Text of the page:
Amos Biderman | amosb@haaretz.co.il
Amos Biderman | amosb@haaretz.co.il Photo by Amos Biderman | amosb@haaretz.co.il

Astonishingly, the Justice Ministry inserted the amendment into the Economic Arrangements Bill accompanying the budget, which led Knesset Speaker Reuven Rivlin to ask the ministry to remove it. "The arrangements bill has crossed every possible line," Rivlin said. "The arrangements bill cannot include amendments that have serious consequences for basic human rights, regardless of whether or not they have some connection to the budget." In response, the Justice Ministry said it would consider removing the amendment.

The war on crime, and particularly on the rising violence in places of entertainment, is indeed a pressing need. But not all means are acceptable in this war. Current law already permits a body search of anyone entering a public place. The Justice Ministry and police should make do with that.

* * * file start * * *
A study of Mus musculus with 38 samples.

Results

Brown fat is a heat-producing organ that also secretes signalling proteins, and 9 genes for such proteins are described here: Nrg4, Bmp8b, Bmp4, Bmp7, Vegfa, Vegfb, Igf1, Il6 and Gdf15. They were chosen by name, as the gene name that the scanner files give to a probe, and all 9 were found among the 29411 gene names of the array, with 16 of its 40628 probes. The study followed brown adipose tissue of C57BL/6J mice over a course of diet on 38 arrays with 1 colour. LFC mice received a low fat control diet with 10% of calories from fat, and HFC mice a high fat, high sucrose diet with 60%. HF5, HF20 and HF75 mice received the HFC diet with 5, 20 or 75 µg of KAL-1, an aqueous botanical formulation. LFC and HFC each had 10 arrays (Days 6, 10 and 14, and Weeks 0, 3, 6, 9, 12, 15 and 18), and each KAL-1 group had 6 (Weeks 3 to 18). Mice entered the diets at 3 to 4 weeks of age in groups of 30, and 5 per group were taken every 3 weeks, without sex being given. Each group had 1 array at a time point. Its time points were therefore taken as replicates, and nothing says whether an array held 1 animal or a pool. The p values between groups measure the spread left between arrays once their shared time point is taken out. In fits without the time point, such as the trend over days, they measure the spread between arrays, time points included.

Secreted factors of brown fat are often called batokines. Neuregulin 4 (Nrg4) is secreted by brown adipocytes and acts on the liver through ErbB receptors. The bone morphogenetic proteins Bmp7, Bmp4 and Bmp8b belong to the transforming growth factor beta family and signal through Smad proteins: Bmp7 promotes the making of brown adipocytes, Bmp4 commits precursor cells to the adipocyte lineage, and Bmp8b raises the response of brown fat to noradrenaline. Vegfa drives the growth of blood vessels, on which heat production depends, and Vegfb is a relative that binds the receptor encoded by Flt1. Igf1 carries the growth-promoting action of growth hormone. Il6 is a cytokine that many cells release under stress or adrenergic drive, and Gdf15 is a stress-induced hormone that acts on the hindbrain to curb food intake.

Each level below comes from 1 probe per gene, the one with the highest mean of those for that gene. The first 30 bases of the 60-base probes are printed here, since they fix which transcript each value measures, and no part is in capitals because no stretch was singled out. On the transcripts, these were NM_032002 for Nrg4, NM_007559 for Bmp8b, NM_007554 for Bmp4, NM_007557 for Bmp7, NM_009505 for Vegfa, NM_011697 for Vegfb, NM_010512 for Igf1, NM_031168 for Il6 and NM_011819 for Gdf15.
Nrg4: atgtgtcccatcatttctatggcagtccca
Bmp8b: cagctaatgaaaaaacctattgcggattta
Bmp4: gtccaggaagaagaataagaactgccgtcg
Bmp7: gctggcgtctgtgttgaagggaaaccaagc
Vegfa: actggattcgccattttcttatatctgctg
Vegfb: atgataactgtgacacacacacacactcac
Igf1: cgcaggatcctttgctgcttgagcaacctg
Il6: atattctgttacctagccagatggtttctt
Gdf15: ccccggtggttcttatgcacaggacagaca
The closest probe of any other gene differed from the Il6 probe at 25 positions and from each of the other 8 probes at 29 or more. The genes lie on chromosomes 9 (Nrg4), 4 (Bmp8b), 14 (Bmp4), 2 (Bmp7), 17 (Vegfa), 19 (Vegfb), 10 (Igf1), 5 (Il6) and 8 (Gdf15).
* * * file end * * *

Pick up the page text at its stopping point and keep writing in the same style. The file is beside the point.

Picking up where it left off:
The police already have sufficient means to operate in places of entertainment. And what would truly improve security is an increased police presence on the ground, not ever more invasive and harmful powers.

A few months ago, Haaretz reporter Nir Hasson described what is happening in Jerusalem's Rehavia neighborhood, where dozens of young neighborhood residents have been unnecessarily humiliated every night, without any real grounds for suspicion, by police officers conducting body searches on them - ostensibly to discover whether they were carrying drugs. Many young people have been humiliated in this way, and about 20 submitted complaints to the police, with the support of the Association for Civil Rights in Israel.

It is not necessary to amend the law in a way that would undermine human rights by humiliating and harming innocent citizens. And the way the attempt was made, through the back door of a budget-related bill, is even more galling.

The Knesset speaker should be commended for his initiative. Hopefully, the Justice Ministry will respond by promptly withdrawing its unnecessary amendment, which would do much more harm than good.